Think You Have What It Takes To Be A Career Coach?
Cara is CEO of Ready Reset Go® and President of the International Association of Career Coaches.
As a veteran of hundreds of conversations with prospective career coaches, I'll be blunt: It isn’t for everyone. As with every other profession on earth, there are people for whom it’s a true calling and others for whom it’s a sincerely terrible idea. If you’re looking for clarity on whether this rewarding, challenging work is for you, read on. I’m going to give you the good, the bad and the ugly about being a career coach. If I scare you away? Great! Because we all should do what we are meant to do.
We’re not life coaches.
If you have ever been or worked with a life coach, you know their job is to ask questions that guide people toward a better understanding of themselves and their desires. That’s part of career coaching, but we’re more like consultants in many ways. Career coaching is part heart’s-desire-discernment, part education — a combination of Robin Williams in Good Will Hunting and Henry Higgins in My Fair Lady. Life coaches are trained to refrain from “telling” people what to do. Career coaches tell. You tell them when they aren’t saying the right things. You tell them what their résumé, their interview outfit, their body language might be telling a hiring manager or recruiter. If you don’t feel comfortable telling people what to do, if you like to be there holding space with someone for months on end, you might be an amazing therapist. You’re probably not a career coach. Our clients want — need — solutions, and quickly.
We are not recruiters or headhunters.
There are career coaches who, like me, have a recruiting background. But some of the best come from other fields, like law. And retail. And marketing. Headhunters and recruiters work for the employer. With occasional exceptions, a career coach is paid by the job seeker. Your clients need you to be on their side. They need to feel safe explaining why they were fired, or soul-searching about trying something new. They need to be able to be transparent with you in ways they can’t (and shouldn’t) be with a hiring manager. “The real reason I quit my last job was harassment, but if I say that, will they think ‘troublemaker?’” Or, “I hated my old boss… and I know I shouldn’t say that in an interview, but what do I say?” Job seekers must know that you, the career coach, work 100% for them. You’ve got to be someone who looks out for the little guy. If your happy place is “the establishment,” you might be an amazing recruiter. You’ll hate career coaching.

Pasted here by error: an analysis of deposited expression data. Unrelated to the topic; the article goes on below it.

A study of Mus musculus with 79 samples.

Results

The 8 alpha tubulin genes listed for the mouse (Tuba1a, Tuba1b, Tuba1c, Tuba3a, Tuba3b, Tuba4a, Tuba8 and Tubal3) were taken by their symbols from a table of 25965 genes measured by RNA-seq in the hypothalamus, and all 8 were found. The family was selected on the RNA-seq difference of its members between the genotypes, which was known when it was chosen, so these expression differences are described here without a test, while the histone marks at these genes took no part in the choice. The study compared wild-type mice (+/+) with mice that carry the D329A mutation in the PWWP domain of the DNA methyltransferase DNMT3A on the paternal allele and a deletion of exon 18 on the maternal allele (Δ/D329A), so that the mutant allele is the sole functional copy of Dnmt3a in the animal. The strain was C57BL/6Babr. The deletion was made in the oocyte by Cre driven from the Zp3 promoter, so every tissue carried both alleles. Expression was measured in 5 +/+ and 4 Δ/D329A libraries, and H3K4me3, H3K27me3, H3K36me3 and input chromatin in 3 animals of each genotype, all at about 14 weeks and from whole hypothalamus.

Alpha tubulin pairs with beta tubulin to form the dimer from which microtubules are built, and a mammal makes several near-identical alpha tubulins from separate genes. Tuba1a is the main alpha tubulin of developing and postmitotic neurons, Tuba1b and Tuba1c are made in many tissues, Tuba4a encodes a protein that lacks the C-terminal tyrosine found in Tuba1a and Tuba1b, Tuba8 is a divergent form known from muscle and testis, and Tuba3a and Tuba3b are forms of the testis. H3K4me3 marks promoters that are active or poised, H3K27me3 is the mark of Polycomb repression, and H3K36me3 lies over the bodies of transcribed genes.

We aren’t mystical gurus on mountaintops.
Were you born knowing what you were put on earth to do? Lucky you! Seriously, if your happy place is “unimpeachable authority figure,” you have a wealth of options in conflict management and the justice system, not to mention ashrams. But an excess of certainty is a serious drawback in my line of work.
If you’ve struggled to understand what you were meant to do, if you self-question a lot, if you have intimate knowledge of feeling unseen or like a bit of a misfit — if your résumé is a wild patchwork quilt of randomness? Congratulations, you have part of the arsenal of a career coach. You understand what your clients are going through. When you’re clear on what you don’t know (as well as what you do know), it’s a huge asset in discernment work, which for me is the juicy part of what I do. I love seeing people’s faces light up when they finally figure out their calling in life.
But it is not an easy thing to learn how to do. I have a process that I’ve refined over many years to help clients “land” on their career path. I teach people my process. Good career coaches also share. We augment our knowledge base by collaborating — a lot. I’m part of a cohort of career coaches with exposure in different areas and sectors. We give each other input on client cases. It helps keep us honest about what we don’t yet know, improves confidence and exposes everyone to shifting trends and concerns in various sectors. It takes time to build that knowledge base, but it can and should be done.
Here’s what a good career coach does do.
We help people find the right job. The tool kit you need for this includes learned skills as well as traits and personality styles. Yes, career coaches help people with their job search. And if you’ve hated this process yourself, you might be a good career coach because you feel it. And I bet you’ve found hacks others can benefit from. We help build interview skills. If that unnerves you, great! People who spring from the womb with natural eloquence and confidence often don’t understand why other people have a hard time with it. Your struggles turn into superpowers in this field. We help with salary negotiation (and that is where your clients will really understand the return on the investment they made in working with you). Great career coaches know how to write résumés, and not just because most people hate doing it.
In a nutshell, if this work is meant for you, the days will fly by and you will honestly look forward to Monday morning. You’ll need to come face-to-face with the mirror in ways that are often uncomfortable. And you’ll have to accept the unglamorous aspects of being a CEO, an administrative assistant and a marketing intern all while doing the actual coaching.
So you really should turn around and run the other way if you are not genuinely curious, willing to confront yourself and open to wearing a lot of hats. But if that sounds exciting to you? Maybe this is what you’re meant to do! If so, you owe it to yourself and the world to pursue it. With all of your heart.